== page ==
Ellis witnesses firsthand how Relay for Life helps

Published 12:00 am Tuesday, April 24, 2012

First in a series

Every day, Andalusia native and Opp resident Katelyn Powell Ellis has the opportunity to see first hand the horrors of cancer, and witness the results of cancer research through her job with the American Cancer Society.

Ellis, who accepted a position with the American Cancer Society as an area rep a little more than a year and a half ago, said she has been involved in Relay for Life since 2004.

“When the job opening came up, it not only struck a physical chord of needing a job, but I also believed in what the ACS does,” Ellis said. “Once I took the job, I found out even more.”

Ellis said that while ACS is second only to the federal government in cancer research funding, that’s not all it does for local cancer patients.

“There are tons of free patient services,” she said. “We work with ‘Road to Recovery.’ In Covington County, it transports patients to and from their treatments or gives them gas money, if we are able to.

“And at 21st Century Oncology, we are opening up a loan closet,” she said. “It’s for cancer patients who need scarves, wigs, prosthetics and bras. It’s located in the women’s dressing room, so they are able to try them on in privacy. It’s a way for them not to have to try them on at the pharmacy.”

Ellis said cancer patients who seek treatment options in Birmingham have the luxury of staying at the Hope Lodge.

“It’s for cancer patients who live 40 miles or more outside of the Birmingham city limits,” she said. “Last year, we had two or three patients that stayed more than 300 days there.”

Ellis said fundraisers such as Covington County Relay for Life are crucial to providing these services, but said that Relay is so much more.

“It’s important for the community to get involved,” she said. “We are a volunteer organization and without people giving of their time and money, we wouldn’t function. This is the sole way for people to get involved.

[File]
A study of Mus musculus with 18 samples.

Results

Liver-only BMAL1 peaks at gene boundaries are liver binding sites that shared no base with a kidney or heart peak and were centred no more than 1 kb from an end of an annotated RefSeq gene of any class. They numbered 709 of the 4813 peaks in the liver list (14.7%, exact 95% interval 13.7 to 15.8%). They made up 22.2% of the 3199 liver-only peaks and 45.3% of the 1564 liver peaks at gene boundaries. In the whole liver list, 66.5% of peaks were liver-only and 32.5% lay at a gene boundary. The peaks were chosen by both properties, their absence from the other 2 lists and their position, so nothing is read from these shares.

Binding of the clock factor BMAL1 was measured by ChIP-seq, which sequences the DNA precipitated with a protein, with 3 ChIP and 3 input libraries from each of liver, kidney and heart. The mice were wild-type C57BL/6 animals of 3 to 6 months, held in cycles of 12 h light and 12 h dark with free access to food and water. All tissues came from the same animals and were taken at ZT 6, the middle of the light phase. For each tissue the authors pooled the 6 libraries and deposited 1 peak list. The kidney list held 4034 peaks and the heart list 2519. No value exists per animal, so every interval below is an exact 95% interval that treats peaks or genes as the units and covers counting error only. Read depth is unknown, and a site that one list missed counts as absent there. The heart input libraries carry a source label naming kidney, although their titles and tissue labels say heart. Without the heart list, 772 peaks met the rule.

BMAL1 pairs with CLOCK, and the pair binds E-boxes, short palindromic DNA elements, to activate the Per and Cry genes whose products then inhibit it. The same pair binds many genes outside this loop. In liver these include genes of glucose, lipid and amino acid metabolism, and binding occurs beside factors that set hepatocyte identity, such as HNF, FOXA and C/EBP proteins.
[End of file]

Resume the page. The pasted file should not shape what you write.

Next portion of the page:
“This is also an opportunity for us to celebrate those who are continuing to fight and those who have lost theirs,” she said. “We close the Relay for Life event fighting back. It’s literally an emotional journey for a lot of our participants.”

From her standpoint, Ellis said her job is “very rewarding.”

“It’s tough, though,” she said. “There will be patients that you will talk to one week and two or three weeks later they have been lost. That gives me more reason to fight.”

Ellis said she, personally, has lost no family members to cancer, but did see the mother of one of her close friends lose her battle with cancer.

“There are so many faces, and I know their fight and I know their stories,” she said. “And it’s not just the survivors, but also the caregivers. It takes a toll on them.”

Statistics show that one in two women and one in three men will have some form of cancer, she said. “It’s inevitable the way that this disease touches so many lives.”

Ellis said that all cancer survivors are invited to Friday night’s Relay for Life.

“We welcome new survivors. We don’t know you are a survivor until you come,” she said. “They play bingo and they have dinner and they walk the survivors’ lap. For some, it’s a time to emotionally grieve.”

Ellis is a 2003 graduate of Andalusia High School, and is the daughter of Terry and Suzanne Powell.